211 F3d 1088 United States of America v. Marlin J. Gunderson
211 F.3d 1088 (8th Cir. 2000)
United States of America, Appellee,
Marlin J. Gunderson, also known as Jim Gunderson, Appellant.
United States Court of Appeals FOR THE EIGHTH CIRCUIT
Submitted: February 15, 2000
Filed: April 10, 2000
Rehearing and Rehearing En Banc Denied May 23, 2000
Appeal from the United States District Court for the Northern District of Iowa.
Before RICHARD S. ARNOLD, HEANEY, and LOKEN, Circuit Judges.
HEANEY, Circuit Judge.
Marlin J. Gunderson appeals the sentence imposed by the district court after Gunderson pleaded guilty to bankruptcy fraud, in violation of 18 U.S.C. 152(a) (1997). We affirm.
In September 1995, Gunderson and his wife filed a Chapter 7 bankruptcy petition that failed to disclose certain assets. They were indicted in November 1997, and in January 1999, Gunderson pleaded guilty to one count of bankruptcy fraud.
The presentence report recommended a guidelines imprisonment range of 10-16 months. It also noted that from July 1990 through August 1997 Gunderson had operated the Amazing Grace Ministry Christian Counseling Service. At sentencing, the court indicated that it was inclined to sentence Gunderson at the top of the guidelines range based in part upon the "hypocrisy" reflected by Gunderson's operation of a faith-based counseling service for substance abuse and marital issues at the same time he engaged in bankruptcy fraud.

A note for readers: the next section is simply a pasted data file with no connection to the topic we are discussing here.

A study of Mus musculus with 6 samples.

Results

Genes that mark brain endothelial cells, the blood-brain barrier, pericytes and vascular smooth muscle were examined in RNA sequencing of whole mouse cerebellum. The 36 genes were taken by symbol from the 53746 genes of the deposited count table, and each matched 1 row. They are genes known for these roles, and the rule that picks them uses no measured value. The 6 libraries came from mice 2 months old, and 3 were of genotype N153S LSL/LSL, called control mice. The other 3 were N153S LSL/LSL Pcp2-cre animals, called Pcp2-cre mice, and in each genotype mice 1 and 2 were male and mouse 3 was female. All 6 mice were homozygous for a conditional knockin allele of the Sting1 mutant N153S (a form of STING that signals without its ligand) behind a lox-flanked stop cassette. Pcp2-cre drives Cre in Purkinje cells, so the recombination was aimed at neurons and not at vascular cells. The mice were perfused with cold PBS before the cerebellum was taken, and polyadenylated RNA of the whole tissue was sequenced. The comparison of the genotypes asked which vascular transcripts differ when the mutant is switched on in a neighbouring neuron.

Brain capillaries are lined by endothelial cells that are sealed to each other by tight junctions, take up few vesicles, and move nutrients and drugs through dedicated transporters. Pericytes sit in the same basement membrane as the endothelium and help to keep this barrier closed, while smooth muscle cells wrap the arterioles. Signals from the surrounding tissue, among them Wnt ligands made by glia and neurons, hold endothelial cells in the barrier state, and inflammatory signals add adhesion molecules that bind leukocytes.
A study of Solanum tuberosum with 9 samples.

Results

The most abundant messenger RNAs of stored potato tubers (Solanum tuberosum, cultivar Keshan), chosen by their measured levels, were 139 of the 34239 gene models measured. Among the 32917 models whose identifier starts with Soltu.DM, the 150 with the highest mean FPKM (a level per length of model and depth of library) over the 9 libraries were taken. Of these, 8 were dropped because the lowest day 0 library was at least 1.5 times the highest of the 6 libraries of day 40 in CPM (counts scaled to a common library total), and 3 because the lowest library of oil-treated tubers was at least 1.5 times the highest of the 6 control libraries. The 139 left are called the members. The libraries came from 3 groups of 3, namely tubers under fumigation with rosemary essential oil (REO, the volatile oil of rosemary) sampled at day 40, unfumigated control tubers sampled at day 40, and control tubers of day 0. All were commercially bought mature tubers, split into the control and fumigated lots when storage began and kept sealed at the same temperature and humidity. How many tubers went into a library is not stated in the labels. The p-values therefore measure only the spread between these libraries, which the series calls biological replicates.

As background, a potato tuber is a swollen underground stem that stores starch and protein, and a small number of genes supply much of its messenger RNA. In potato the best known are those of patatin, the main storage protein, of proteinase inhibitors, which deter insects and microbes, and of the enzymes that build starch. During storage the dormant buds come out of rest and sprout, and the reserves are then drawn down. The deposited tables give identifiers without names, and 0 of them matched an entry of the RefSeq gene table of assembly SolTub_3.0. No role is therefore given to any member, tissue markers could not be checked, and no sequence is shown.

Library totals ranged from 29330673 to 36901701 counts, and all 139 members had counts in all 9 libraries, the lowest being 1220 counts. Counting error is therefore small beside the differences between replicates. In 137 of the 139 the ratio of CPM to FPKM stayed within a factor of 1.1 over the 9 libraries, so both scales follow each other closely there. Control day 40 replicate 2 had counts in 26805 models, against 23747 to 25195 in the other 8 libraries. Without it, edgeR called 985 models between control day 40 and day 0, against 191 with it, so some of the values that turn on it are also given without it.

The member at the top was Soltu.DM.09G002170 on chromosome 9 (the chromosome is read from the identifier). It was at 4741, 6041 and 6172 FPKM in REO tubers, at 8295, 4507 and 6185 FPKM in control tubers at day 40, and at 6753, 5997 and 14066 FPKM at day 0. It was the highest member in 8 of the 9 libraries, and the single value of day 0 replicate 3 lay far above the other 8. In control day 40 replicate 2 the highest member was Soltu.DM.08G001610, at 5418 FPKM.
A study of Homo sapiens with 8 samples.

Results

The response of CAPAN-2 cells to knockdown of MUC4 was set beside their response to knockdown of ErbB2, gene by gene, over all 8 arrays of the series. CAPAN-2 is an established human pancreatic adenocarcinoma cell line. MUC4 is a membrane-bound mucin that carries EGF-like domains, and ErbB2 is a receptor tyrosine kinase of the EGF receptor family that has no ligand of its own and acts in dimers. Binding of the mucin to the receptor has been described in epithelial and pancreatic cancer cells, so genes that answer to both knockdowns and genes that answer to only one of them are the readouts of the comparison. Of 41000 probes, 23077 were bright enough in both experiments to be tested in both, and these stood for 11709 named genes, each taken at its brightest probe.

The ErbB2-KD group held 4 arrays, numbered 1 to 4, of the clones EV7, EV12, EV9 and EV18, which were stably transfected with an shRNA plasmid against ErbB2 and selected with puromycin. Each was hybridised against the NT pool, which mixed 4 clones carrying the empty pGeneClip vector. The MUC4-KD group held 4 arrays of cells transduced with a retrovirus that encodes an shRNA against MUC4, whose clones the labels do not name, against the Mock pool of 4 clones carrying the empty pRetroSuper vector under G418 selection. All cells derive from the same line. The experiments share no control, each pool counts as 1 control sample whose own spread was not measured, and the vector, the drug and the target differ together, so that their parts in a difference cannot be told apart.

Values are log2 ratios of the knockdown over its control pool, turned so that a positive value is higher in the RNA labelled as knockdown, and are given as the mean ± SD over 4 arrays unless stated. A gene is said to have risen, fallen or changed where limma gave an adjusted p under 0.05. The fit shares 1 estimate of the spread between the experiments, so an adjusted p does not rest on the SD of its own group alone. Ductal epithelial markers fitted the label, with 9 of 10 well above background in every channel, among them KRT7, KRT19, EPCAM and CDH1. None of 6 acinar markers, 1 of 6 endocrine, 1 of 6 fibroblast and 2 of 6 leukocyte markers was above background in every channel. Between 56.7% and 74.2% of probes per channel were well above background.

Gunderson's attorney objected, arguing that a sentence based in part on Gunderson's counseling activities would impermissibly punish him for the exercise of his religious beliefs. After an extended discussion with counsel regarding the boundaries of the court's sentencing discretion, the court concluded that Gunderson "should be punished more harshly because he was engaged in a profession of giving moral advice when he committed the crime," and sentenced him to 16 months imprisonment. (Sent. Tr. at 28.) Gunderson appeals, contending the district court improperly based its sentence on his religious beliefs and practices.
The sentencing guidelines direct that a defendant's religion is not relevant to the determination of a sentence. See U.S.S.G. 5H1.10. Hence, we may review Gunderson's sentence for improper consideration of religion even though his sentence was within the applicable guidelines range. Cf. United States v. Onwuemene, 933 F.2d 650, 651 (8th Cir. 1991).
After carefully examining the sentencing transcript, we are satisfied that the district court's assessment of Gunderson's culpability did not violate 5H1.10. The court's reliance on Gunderson's practice of giving moral advice indicates that it wasconcerned that his crime reflected a moral failure, not a spiritual failure. The court neither punished Gunderson for being a pharisee, nor held him to a higher standard based on his professed faith. Instead, Gunderson's sentence properly reflects the inconsistency between his assumption of moral leadership with respect to his clients and his simultaneous commission of bankruptcy fraud. This sort of inquiry into the degree of a defendant's blameworthiness is entirely appropriate to the court's selection of a sentence within the guidelines range.
Accordingly, the judgment is affirmed.